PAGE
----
Brandeis Lecture by Melvin Urofsky
Room 275, Brandeis School of Law
The Brandeis Medal was established to recognize individuals whose lives reflect Justice Brandeis’ commitment to the ideals of individual liberty, concern for the disadvantaged, and public service. The medal was awarded for the first time in 1982. Past recipients have included Supreme Court Justices Harry Blackmun, Sandra Day O’Connor, Ruth Bader Ginsburg, and Stephen Breyer; Senators Howard Baker and Christopher Dodd; Congressman John Lewis and Professor Sam Dash.
This year’s recipient, Melvin I. Urofsky, reflects a lifetime commitment to making known the work and values of Justice Brandeis. Melvin I. Urofsky, author of Louis D. Brandeis: A Life, will receive the Brandeis Medal and deliver the Brandeis Lecture on Thursday, April 1, at 1:00 pm at the Louis D. Brandeis School of Law, Room 275. A reception and book signing will take place from 2-3:30 pm in the Cox Lounge.
Melvin I. Urofksy, a professor of law and public policy at Virginia Commonwealth University, and has written about Brandeis for almost four decades. His research draws extensively from the personal letters archived at the University of Louisville Brandeis School of Law Library. Urofsky was a speaker at the November 13, 2006, sesquicentennial program in Louisville, 150 years after the birth of Brandeis and he appears in the 2007 documentary Justice Louis D. Brandeis: The People’s Attorney produced by the Savings Bank Life Insurance Company of Massachusetts.
Urofsky’s most recent biography of Brandeis includes reference to many current issues and analyzes them from a Brandeis perspective. He emphasizes how Brandeis dissents have almost all become the prevailing view of the law today, a testament to his prophetic abilities and his enduring values and reminds the reader how much of Brandeis’s life work is relevant today.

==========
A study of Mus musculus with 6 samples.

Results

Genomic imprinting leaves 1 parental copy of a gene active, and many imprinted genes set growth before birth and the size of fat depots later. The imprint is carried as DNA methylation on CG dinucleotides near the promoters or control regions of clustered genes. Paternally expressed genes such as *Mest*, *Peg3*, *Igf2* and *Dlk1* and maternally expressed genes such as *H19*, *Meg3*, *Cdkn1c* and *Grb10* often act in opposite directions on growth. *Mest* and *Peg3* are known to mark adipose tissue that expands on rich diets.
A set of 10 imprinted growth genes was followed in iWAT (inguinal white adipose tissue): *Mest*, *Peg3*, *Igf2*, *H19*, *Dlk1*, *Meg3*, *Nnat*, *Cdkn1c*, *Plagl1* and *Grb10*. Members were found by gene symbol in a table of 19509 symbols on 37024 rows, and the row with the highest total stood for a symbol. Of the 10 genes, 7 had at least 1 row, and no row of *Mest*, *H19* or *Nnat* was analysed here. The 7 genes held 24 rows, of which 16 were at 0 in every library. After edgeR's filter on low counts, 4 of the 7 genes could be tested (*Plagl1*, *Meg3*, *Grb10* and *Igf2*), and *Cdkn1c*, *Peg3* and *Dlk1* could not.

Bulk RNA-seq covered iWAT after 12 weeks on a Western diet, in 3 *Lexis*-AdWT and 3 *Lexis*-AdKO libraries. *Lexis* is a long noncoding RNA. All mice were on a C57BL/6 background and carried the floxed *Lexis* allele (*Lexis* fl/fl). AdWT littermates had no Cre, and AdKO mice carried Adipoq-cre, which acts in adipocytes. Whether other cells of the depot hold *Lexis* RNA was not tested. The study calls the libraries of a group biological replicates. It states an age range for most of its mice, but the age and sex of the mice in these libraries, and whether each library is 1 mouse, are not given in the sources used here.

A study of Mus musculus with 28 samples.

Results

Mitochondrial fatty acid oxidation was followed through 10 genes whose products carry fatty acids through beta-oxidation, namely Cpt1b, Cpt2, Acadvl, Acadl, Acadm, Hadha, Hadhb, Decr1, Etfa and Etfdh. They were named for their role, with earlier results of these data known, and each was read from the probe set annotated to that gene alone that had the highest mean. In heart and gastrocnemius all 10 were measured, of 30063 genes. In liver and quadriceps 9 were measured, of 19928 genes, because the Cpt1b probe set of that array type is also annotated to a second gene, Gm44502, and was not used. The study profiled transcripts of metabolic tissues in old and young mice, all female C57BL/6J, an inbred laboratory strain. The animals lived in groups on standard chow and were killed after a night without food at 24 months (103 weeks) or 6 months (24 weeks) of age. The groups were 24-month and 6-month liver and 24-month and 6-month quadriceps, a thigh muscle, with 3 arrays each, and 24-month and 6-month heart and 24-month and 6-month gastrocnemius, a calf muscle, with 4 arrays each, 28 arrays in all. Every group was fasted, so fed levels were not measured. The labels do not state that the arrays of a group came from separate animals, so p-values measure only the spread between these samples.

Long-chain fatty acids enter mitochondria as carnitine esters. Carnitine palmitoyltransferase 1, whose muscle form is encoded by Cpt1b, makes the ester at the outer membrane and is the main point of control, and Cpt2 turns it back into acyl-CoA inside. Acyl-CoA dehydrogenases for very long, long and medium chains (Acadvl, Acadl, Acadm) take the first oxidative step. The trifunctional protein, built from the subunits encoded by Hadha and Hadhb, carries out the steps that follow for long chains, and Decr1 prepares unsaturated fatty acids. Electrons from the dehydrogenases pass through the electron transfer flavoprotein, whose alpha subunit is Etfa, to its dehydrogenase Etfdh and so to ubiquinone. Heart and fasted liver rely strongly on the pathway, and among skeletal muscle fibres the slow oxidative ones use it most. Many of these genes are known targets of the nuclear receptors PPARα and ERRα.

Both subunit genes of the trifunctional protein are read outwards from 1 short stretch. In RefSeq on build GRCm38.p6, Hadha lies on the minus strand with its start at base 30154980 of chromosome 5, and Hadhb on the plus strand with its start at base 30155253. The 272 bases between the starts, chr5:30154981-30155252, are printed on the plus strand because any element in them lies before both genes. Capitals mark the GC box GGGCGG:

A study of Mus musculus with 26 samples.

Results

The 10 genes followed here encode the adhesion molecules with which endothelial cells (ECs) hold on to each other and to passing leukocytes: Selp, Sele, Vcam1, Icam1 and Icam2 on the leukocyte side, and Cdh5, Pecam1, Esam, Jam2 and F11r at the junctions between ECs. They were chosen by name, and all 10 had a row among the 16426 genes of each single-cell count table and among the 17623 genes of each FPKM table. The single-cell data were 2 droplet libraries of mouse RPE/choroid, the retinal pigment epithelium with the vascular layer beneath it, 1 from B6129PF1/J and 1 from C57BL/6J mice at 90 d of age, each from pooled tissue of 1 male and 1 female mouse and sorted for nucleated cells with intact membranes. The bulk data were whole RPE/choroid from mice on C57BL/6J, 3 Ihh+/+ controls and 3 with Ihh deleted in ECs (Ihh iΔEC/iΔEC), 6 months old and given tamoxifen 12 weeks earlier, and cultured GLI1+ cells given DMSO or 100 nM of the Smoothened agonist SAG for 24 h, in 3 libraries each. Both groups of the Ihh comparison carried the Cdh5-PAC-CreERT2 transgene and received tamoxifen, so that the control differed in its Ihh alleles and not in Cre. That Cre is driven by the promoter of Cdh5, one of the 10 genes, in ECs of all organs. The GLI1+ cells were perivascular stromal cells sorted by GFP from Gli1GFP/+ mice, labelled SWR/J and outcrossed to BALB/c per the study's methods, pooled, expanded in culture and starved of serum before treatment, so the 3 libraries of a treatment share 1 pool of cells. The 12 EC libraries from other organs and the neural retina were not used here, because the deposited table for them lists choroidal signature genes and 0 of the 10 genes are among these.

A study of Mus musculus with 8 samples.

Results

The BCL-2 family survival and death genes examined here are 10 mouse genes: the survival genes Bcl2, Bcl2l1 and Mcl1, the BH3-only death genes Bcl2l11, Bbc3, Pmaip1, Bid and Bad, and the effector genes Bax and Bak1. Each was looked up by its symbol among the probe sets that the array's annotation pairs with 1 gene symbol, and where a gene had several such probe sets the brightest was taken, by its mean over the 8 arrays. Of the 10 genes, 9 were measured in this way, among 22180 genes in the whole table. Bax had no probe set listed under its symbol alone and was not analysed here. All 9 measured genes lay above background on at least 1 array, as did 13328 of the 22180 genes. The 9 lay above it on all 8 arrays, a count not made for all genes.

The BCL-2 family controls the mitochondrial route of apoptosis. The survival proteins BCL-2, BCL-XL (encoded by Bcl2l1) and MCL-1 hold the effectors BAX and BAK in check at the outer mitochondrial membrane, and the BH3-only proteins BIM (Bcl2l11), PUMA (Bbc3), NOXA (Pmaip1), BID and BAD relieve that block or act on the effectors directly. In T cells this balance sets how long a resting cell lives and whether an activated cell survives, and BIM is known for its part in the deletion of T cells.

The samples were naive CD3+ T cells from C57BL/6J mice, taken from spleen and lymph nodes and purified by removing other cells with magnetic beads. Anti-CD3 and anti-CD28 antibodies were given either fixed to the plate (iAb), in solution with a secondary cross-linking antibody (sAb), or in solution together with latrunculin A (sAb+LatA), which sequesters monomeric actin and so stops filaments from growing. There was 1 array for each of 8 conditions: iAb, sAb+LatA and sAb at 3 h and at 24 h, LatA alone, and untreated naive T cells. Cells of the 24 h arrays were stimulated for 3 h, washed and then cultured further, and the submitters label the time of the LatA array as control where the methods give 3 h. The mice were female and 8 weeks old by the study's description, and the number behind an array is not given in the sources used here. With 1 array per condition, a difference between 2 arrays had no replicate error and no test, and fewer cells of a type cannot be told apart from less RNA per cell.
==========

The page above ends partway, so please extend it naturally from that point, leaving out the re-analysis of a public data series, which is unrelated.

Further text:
Melvin I. Urofsky is Professor of Law & Public Policy and Professor Emeritus of History at Virginia Commonwealth University. Before joining VCU as chair of the History Department in 1974, he taught at the Ohio State University (1964-1967) and the State University of New York at Albany (1967-1974). In 1990-91 he was James Pinckney Harrison Visiting Professor of History at the College of William & Mary. From 1995 until his semi-retirement in 2003, he served as the director of the doctoral program in Public Policy & Administration.
He received his B.A. and Ph.D. from Columbia University, and his J.D. from the University of Virginia. Over the years he has held fellowships and grants from the National Endowment for the Humanities, the American Council of Learned Societies, the Virginia Foundation for the Humanities, the American Historical Association and others. He was a Rich Fellow at Oxford University’s Center for Jewish Studies, a Fulbright Lecturer at the University of New South Wales Law School in Sydney, a Rockefeller Foundation Fellow at the Bellagio Center in Italy, and a visiting scholar at Ben-Gurion University in Israel. Under the auspices of the State Department he has lectured in Europe, Asia and Australia, and has spoken at many colleges and law schools in the United States.
Among the fifty-two books he has either written or edited are seven volumes of the Letters of Louis D. Brandeis (with David W. Levy); American Zionism from Herzl to the Holocaust (1975; winner of the Jewish Book Council Kaplun Award); We Are One! American Jewry and Israel (1978); A Voice that Spoke for Justice: The Life and Times of Stephen S. Wise (1981); A March of Liberty: American Constitutional History (1987; later editions with Paul Finkelman); A Conflict of Rights: The Supreme Court and Affirmative Action (1991); Letting Go: Death, Dying and the Law (1994); Division and Discord: The Supreme Court under Stone and Vinson, 1941-1953 (1997); Lethal Judgments: Assisted Suicide and American Law (2000); and Money and Speech: The Supreme Court and Campaign Finance Reform (2005).
He writes widely on constitutional history, and has been the editor for the past seventeen years of the Journal of Supreme Court History. His newest work, Louis D. Brandeis: A Life, was published by Pantheon in September 2009. He also serves as historical consultant to the Touro Synagogue Foundation, and has been a consultant to many other groups, including the Virginia Historical Society.
He lives with his wife Susan in Gaithersburg, Maryland. They have two sons, Philip, a lawyer in Washington, D.C., and Robert, the director of accreditation for school counseling programs in the United States, two daughters-in-law, and three grand-children. They also have a dog, Lady, who she—and everyone else—sees as part of the family.